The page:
Maryland’s Economy: Very Good (For Now), But Extended Shutdown Could Be Devastating

Maryland lawmakers will craft a budget this legislative session in about as favorable an environment as they could hope for, an economist said Tuesday.

Well, federal government shutdown aside, of course.

Dan White, director of government consulting and public finance research at Moody’s Analytics, said unemployment is very low, wages are increasing, and the country is at the top of an extended economic expansion. But celebration should be short-lived as lawmakers look ahead to the next possible economic downturn, he said.

By most economists’ best guesses, the next recession to hit America will probably come in mid-2020.

“Where we are today is a very good place,” White said.

But a possible trade war with China or an extended federal government shutdown should cause lawmakers to proceed with caution, he told the Senate Budget and Taxation Committee on Tuesday.

It’s normal that economists can’t pinpoint the exact start of a recession, White said, but “what is not necessarily normal is a lot of the gasoline that seems to be thrown on the fire from our friends in Washington, D.C.”

A top concern for the state of Maryland should be the federal budget and shifting priorities within it.

“Even before we get to the government shutdown, there’s been a lot going on in D.C. that has not necessarily been very good for Maryland jobs over the last year, year-and-a-half or so,” White said. Increases in direct spending in the federal budget have gone to defense and agencies that are not headquartered in Maryland, he said.

And then when you look at the shutdown, a lot of the agencies with a large presence in Maryland are the ones affected most heavily.

The economic effects of the shutdown compound over time, and if the closure extends another month or two, the result could be “devastating” to D.C. area economies, White said.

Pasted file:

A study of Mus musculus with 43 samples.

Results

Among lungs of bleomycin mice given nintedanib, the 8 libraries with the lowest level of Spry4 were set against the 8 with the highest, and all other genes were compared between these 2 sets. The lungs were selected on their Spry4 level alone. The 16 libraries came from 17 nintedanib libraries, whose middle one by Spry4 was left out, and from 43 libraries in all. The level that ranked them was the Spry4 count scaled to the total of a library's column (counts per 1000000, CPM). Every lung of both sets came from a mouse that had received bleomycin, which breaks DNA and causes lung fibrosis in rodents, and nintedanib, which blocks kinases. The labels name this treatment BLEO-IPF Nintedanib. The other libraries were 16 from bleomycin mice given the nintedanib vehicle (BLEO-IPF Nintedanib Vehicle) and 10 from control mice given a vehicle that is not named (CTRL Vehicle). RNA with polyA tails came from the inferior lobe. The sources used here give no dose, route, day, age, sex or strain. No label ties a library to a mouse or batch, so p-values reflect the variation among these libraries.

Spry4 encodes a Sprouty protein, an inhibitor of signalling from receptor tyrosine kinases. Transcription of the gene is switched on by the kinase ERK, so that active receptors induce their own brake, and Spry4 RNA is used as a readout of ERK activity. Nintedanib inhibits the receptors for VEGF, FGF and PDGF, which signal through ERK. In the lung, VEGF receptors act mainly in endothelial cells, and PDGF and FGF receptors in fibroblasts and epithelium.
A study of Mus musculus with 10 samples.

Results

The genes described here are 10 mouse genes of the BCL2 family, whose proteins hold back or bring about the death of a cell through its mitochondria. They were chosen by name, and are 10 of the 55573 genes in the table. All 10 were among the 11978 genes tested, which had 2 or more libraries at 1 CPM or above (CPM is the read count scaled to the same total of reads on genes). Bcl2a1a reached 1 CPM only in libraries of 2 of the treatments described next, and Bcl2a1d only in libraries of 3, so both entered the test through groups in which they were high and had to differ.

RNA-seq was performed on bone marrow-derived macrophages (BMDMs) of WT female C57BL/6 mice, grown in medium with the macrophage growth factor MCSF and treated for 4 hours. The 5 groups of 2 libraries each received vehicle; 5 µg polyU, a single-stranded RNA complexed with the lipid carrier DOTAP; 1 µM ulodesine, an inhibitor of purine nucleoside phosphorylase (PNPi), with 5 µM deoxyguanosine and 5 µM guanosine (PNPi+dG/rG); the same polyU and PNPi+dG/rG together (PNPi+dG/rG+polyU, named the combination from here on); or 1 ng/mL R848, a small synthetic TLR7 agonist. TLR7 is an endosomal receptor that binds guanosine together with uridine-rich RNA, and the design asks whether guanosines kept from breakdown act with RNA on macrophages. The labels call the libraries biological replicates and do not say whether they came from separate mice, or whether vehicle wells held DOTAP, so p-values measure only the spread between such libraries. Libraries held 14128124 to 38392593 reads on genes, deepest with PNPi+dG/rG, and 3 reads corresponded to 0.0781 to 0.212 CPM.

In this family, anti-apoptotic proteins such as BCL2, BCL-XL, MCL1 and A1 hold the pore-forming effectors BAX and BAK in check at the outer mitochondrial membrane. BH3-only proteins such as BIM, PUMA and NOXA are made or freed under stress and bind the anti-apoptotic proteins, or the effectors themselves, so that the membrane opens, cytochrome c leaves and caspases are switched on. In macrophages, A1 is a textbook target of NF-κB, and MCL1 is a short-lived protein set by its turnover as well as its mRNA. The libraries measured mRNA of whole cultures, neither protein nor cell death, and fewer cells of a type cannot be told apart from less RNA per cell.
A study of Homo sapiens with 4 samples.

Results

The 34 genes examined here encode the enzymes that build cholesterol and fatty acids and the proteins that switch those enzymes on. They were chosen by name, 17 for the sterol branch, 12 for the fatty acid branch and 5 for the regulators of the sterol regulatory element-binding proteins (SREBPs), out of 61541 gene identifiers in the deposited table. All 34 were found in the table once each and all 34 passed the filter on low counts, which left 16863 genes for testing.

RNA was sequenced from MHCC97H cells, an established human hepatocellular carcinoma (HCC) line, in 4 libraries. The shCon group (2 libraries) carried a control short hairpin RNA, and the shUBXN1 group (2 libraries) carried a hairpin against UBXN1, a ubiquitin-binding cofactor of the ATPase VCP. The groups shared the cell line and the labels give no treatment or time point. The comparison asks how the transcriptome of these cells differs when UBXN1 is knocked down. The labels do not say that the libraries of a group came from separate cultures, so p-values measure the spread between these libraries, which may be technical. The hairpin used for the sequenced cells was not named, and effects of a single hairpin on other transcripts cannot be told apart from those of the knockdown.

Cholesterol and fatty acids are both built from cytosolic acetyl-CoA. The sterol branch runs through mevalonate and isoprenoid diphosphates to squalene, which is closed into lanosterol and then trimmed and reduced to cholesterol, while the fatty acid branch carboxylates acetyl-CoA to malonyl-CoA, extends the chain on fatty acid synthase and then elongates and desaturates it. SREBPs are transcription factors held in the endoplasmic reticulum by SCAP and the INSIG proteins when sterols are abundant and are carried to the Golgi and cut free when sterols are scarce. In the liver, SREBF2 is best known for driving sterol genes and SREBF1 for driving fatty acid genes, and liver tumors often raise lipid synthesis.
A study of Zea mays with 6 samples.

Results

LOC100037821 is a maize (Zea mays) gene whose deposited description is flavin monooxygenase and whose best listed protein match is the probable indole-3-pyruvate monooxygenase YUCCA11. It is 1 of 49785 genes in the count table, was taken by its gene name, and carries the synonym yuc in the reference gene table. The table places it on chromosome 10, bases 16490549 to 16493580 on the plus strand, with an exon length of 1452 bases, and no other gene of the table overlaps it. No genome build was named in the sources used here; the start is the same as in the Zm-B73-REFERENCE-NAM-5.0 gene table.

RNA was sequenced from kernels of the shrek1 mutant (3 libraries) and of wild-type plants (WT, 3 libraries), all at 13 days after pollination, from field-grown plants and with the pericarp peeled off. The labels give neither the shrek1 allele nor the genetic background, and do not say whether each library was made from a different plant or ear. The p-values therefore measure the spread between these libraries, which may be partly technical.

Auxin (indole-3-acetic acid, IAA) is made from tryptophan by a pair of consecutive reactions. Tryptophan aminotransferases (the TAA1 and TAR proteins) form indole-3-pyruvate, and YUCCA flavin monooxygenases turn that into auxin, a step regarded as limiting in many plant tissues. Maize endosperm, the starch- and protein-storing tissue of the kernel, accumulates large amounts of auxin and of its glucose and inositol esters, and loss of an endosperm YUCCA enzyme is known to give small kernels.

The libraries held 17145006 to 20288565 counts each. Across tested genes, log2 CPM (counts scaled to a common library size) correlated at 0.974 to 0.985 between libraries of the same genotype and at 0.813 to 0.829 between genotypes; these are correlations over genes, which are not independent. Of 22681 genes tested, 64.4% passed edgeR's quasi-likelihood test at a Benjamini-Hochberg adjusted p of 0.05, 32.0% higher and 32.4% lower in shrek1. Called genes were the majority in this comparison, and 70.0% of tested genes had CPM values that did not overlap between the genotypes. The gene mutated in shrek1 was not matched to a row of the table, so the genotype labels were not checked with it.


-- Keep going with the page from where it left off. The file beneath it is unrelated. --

“If we get to March without some kind of an agreement to this government shutdown, then it will be enough to cause a recession in the United States,” he said. “And Maryland and Virginia would be squarely at the epicenter of that recession.”

Amidst all the uncertainty, Gov. Lawrence J. Hogan Jr. (R) will release his proposed budget for 2020 on Friday.

While lawmakers headed into this session with a projected surplus thanks to increased tax revenues and lower costs in programs such as Medicaid, a new state report released Monday warned of a nearly $60 million hit to state tax revenue as the result of the federal shutdown so far. Some of that revenue will be recovered if government workers receive backpay, but a portion of the lost revenue is not likely to make its way back to the state, the report warned.

Lawmakers also must balance a number of new funding requests, including big-budget items like the interim recommendations from the Kirwan Commission and investment in statewide next-generation technology for 9-1-1 emergency call centers.

Asked by lawmakers what they should consider during budget negotiations, White said to sock away some extra cash.

“The best advice we can give you is to put money away in your Rainy Day Fund,” White said. He also advised lawmakers to be cautious in considering big-ticket, long-term spending plans, based on the assumption that a nationwide recession could come in 2020.

“It’s very important to remember what comes after the top of the business cycle as you put that budget together and to be very cautious with bringing anything on that you don’t want to have to try to undo in two years,” White said.

One reason several states had a very hard time economically in 2008 is that they weren’t prepared for a downturn. “A lot of the spending increases that went into effect in 2006 and 2007 were undone very quickly in 2008 and 2009,” White said.

Danielle Gaines most recently worked for Bethesda Beat covering Montgomery County. Previously, she spent six years at The Frederick News-Post as the paper’s principal government and politics reporter for half that time, covering courts and legal affairs before that. She also reported for the now-defunct The Gazette of Politics and Business in Maryland and previously worked as a county government and education reporter at the Merced Sun-Star in California’s Central Valley.